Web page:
October 24, 2011

DSLR Guide, Be Informed Before You Buy Your First DSLR Camera

D300, 40D, 7D, 550D, 500D, if your life revolves around these numbers, then yes you do have the buyer's dilemma. A state where you can't figure out which product best suits you, frankly because all of them look good around your neck. In this state, there is only one thing to do to help you make up your mind, read on!

Let's take it from the top, understanding the working of a DSLR will help you in making an informed choice so that you don't end up buying a camera and regretting it. Basically, every digital SLR works on the same principle: what you see is what you get. SLR stands for Single Lens Reflex, meaning that there are mirrors inside your camera that help in showing you exactly what the camera's lens is seeing.

So, we've established how a DSLR works; now coming to the selection. First, you have to determine what kind of use you'll be subjecting your camera to. For example, if you are a sports photographer, you'll have to take photos on the spur of the moment. In that case, you need Canon's 40D or Nikon's D300, which give you a speed of 6-7 photos per second. On the other hand, if you are a beginner and are learning photography, you should opt for Nikon's D3100, which actually shows you how changing the settings can affect your photograph.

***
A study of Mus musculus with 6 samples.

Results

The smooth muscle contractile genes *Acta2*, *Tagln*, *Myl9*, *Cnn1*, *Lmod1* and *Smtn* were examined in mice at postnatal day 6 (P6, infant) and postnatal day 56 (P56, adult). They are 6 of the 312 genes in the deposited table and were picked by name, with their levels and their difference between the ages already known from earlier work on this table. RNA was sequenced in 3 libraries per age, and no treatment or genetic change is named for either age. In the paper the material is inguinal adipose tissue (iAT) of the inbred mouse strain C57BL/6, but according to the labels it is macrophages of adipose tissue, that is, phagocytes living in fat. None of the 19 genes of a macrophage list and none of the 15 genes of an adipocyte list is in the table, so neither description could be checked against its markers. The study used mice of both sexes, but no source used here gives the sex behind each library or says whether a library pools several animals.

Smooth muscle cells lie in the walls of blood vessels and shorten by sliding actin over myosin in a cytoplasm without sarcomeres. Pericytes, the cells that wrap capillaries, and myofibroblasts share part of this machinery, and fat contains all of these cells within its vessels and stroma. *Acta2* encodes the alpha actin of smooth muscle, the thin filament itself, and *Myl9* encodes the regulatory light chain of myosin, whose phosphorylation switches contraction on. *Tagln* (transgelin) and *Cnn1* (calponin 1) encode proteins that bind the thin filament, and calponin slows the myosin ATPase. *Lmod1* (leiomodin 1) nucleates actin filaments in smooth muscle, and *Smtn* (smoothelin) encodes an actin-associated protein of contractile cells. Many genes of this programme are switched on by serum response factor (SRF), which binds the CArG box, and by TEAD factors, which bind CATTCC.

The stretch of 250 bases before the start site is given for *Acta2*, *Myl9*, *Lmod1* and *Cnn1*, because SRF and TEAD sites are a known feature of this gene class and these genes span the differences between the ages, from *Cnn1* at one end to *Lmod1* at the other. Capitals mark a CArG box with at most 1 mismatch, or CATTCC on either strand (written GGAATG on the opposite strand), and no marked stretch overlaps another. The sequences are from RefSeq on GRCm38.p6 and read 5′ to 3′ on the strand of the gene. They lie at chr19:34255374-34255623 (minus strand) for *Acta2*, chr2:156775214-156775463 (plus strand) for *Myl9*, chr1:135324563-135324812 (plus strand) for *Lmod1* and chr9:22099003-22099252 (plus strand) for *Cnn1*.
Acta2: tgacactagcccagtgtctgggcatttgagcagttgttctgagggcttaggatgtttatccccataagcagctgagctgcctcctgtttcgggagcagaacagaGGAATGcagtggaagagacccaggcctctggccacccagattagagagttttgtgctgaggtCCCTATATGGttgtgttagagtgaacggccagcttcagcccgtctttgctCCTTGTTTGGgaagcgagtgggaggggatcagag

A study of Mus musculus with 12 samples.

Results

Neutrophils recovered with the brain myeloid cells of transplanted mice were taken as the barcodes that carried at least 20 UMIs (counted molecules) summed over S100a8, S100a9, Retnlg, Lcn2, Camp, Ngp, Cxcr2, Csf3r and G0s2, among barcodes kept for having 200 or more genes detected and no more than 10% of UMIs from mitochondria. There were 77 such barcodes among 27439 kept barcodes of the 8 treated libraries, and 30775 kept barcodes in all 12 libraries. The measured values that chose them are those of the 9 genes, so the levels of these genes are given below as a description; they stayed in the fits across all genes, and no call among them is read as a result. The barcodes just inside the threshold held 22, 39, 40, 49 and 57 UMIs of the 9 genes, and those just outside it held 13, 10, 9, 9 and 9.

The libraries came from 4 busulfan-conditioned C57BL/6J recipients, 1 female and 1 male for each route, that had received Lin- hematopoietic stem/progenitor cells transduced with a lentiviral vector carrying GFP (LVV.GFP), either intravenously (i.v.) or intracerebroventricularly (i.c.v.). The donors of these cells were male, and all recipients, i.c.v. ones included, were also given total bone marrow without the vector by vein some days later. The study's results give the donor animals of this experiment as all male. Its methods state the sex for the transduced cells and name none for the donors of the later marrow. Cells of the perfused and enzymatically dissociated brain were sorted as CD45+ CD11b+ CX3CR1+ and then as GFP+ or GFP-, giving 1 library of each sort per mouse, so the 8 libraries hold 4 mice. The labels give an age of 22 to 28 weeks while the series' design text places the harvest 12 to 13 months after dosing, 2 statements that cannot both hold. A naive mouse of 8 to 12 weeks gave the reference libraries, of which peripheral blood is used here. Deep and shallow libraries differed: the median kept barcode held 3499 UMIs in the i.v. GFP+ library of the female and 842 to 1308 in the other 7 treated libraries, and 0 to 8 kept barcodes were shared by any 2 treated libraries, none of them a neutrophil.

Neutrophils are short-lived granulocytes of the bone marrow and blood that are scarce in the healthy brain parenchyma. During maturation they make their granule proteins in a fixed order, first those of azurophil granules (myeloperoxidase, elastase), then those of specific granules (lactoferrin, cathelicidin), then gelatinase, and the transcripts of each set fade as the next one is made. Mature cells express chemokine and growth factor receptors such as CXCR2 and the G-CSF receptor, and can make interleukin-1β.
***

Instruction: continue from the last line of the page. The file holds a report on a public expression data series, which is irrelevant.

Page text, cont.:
Nikon' newly launched D3100 camera is bundled with some attractive features.

You also need to consider lenses with your DSLR purchase, because lenses may actually change the view and quality of the photograph you are going to shoot. You have option to choose from wide variety Zoom lenses, or opt for wide angle lens, some work may also require you to shoot very close photographs With the help help of macro lens.

There are a number of cameras to choose from for different styles of photography. There's one for macro, one for action, one for landscapes and so on and so forth. shutter lag time can actually how you can use you camera. Choosing your style will take you a long way towards uniting you with your dream machine.

After you've defined your style, start looking for cameras that complement your styles. Learn some DSLR jargon, like aperture, shutter speed, ISO etc. There is no harm in being informed, after all, is there?

The above are all you need to choose the camera that is right for you.